Year: 2008
Directors: Timothy Friend
Writers: Timothy Friend
IMDB: link
Amazon: link
Trailer: link
Review by: agentorange
Rating: 4.5 out of 10

Bonnie and Clyde vs. Dracula is less a throwback to good old AIP drive-in flicks from the 60s than it is a throwback to straight-to-video Troma films of the 90s. I know that probably sounds like good news for you Troma junkes looking to view a micro-budget indie that re-captures the glorious goofiness of something like Redneck Zombies, but unfortunately B and C vs. D doesn't have the same reckless abandon as those early underground movies and fails to push the envelope, winding up a somewhat fun, but mostly dull, film that doesn't really deliver on its tantalizing premise of, well, Bonnie and Clyde vs. Dracula for one.

That's not to say there's not some talent at work here. For one, we've got Tiffany Shepis playing Bonnie. Shepis is considered a bit of a goddess among modern B-movie fans having started out in Troma flicks like Tromeo and Juliet. She's since laterally moved herself to somewhat more interesting yet similar genre stuff like Halo 8's Godkiller series and the recent The Violent Kind. She brings a certain bravado to her role as a girl who relishes her sexual power of Clyde and enjoys a good kill. She basically owns the entire film (you can really tell that writer/director Timothy Friend had the most fun writing this character).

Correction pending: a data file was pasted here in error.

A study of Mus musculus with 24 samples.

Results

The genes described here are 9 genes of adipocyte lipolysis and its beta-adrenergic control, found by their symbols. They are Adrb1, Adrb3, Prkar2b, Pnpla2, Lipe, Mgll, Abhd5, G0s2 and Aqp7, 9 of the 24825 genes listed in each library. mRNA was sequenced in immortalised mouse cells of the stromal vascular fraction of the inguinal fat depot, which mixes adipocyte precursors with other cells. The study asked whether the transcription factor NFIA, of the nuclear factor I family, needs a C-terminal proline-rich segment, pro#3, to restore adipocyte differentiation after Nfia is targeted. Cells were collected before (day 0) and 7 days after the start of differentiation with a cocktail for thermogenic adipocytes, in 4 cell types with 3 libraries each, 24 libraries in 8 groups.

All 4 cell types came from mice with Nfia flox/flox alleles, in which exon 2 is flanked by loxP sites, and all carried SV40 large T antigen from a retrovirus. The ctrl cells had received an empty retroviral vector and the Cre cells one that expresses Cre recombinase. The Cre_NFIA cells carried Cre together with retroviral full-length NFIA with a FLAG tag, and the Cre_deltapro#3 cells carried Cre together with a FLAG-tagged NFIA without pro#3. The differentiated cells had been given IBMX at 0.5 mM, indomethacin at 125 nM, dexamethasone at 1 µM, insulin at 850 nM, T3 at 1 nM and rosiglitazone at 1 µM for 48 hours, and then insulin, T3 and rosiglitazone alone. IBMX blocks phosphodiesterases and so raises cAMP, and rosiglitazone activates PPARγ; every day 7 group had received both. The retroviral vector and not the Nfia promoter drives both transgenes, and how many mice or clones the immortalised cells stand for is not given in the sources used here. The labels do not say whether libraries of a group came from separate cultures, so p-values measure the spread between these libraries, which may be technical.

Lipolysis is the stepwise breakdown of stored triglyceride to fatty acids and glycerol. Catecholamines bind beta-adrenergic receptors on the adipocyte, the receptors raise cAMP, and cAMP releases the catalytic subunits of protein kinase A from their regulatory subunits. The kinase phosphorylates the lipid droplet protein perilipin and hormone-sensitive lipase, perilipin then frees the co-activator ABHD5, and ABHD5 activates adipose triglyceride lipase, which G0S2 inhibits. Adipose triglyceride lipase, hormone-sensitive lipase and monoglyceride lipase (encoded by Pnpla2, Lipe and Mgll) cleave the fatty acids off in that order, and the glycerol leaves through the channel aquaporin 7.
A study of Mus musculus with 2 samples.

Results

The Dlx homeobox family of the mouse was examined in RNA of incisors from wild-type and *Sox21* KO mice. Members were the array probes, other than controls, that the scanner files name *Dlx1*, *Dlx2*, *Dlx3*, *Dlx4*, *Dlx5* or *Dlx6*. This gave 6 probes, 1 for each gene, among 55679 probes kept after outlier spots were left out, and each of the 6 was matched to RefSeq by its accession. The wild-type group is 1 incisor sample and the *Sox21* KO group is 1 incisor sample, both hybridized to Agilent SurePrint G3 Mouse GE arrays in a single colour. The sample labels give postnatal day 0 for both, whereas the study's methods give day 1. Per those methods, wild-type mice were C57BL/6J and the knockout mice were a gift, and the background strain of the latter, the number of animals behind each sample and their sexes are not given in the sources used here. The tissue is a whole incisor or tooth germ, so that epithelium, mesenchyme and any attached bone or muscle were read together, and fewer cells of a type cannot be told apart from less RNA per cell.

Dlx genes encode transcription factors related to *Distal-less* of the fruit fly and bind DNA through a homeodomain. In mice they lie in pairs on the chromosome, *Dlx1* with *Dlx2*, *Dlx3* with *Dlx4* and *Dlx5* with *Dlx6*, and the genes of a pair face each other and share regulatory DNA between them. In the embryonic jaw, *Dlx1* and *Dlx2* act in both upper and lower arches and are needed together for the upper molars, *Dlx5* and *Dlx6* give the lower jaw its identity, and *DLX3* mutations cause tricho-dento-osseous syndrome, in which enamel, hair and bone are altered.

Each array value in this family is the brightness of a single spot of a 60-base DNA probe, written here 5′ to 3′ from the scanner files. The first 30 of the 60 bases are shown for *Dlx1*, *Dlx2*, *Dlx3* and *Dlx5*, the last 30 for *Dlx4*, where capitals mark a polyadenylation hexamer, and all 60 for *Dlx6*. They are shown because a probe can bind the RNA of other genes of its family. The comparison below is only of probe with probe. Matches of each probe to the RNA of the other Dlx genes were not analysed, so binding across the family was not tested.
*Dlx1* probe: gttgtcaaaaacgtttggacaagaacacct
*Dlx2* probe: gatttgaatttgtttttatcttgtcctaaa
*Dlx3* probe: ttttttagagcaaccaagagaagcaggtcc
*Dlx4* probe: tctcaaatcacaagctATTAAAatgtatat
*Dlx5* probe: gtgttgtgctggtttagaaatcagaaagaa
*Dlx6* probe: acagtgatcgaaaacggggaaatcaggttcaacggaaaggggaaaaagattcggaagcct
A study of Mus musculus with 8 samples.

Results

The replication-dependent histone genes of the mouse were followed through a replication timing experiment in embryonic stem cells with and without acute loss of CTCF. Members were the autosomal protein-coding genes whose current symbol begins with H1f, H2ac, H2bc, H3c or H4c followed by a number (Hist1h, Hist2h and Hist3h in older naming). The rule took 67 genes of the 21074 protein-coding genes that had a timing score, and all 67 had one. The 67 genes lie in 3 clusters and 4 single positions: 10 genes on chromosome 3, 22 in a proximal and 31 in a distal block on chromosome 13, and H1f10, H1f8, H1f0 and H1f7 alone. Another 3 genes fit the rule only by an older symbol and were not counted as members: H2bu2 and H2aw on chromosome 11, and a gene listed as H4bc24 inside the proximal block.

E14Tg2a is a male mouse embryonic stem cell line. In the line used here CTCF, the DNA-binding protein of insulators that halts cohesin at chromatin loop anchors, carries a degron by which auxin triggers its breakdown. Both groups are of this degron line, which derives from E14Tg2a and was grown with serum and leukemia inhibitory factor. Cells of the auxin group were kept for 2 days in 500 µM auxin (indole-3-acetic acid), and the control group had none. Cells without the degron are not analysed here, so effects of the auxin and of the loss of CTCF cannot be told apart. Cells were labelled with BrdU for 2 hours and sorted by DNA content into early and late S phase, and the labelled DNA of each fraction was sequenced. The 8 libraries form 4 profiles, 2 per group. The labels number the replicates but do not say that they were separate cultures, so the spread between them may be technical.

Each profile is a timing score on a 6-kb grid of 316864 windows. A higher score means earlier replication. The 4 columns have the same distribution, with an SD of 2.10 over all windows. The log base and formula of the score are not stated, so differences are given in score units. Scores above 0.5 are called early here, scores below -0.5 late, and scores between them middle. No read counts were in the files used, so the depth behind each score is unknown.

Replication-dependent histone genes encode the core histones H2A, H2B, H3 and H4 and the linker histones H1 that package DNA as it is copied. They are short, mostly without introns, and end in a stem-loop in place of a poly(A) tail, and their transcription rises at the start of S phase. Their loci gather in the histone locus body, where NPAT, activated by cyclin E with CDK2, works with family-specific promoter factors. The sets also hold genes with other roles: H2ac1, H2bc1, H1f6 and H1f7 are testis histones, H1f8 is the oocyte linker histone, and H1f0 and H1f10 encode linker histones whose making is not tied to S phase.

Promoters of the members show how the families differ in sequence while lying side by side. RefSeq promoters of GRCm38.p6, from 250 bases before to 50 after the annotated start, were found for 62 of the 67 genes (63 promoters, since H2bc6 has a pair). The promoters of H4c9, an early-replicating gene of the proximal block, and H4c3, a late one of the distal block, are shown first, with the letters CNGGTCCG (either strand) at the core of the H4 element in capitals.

Clyde, played by Shepis' Troma compatriot, Trent Haaga, does a good job keeping up with her and playing a whipped boyfriend. But can you blame him? If anyone could whip Clyde it would be the voluptuous Shepis.

So where does Dracula come into it you ask? Through a series of botched robberies and unfortunate events, Bonnie and Clyde end up on the doorstep of evil Dr. Loveless. Dr. Loveless is this burlap sac wearing weirdo who's got Dracula in his basement and a mentally deranged sister on a zap-collar. This is where what are essentially two different kind of films smash together to a mixed bag of humour and violence that don't always gel.

At its heart, Bonnie and Clyde vs. Dracula wants to play with the legend of Bonnie and Clyde more than the legend of Dracula. Depending on how much you love vampire films and were hoping for more bloodsucking than gun fighting this might bug you. I may not have bought into Friend's vision for what a mashup like this could be, but I know there are a ton of you out there who might appreciate it for the oddball indie it is.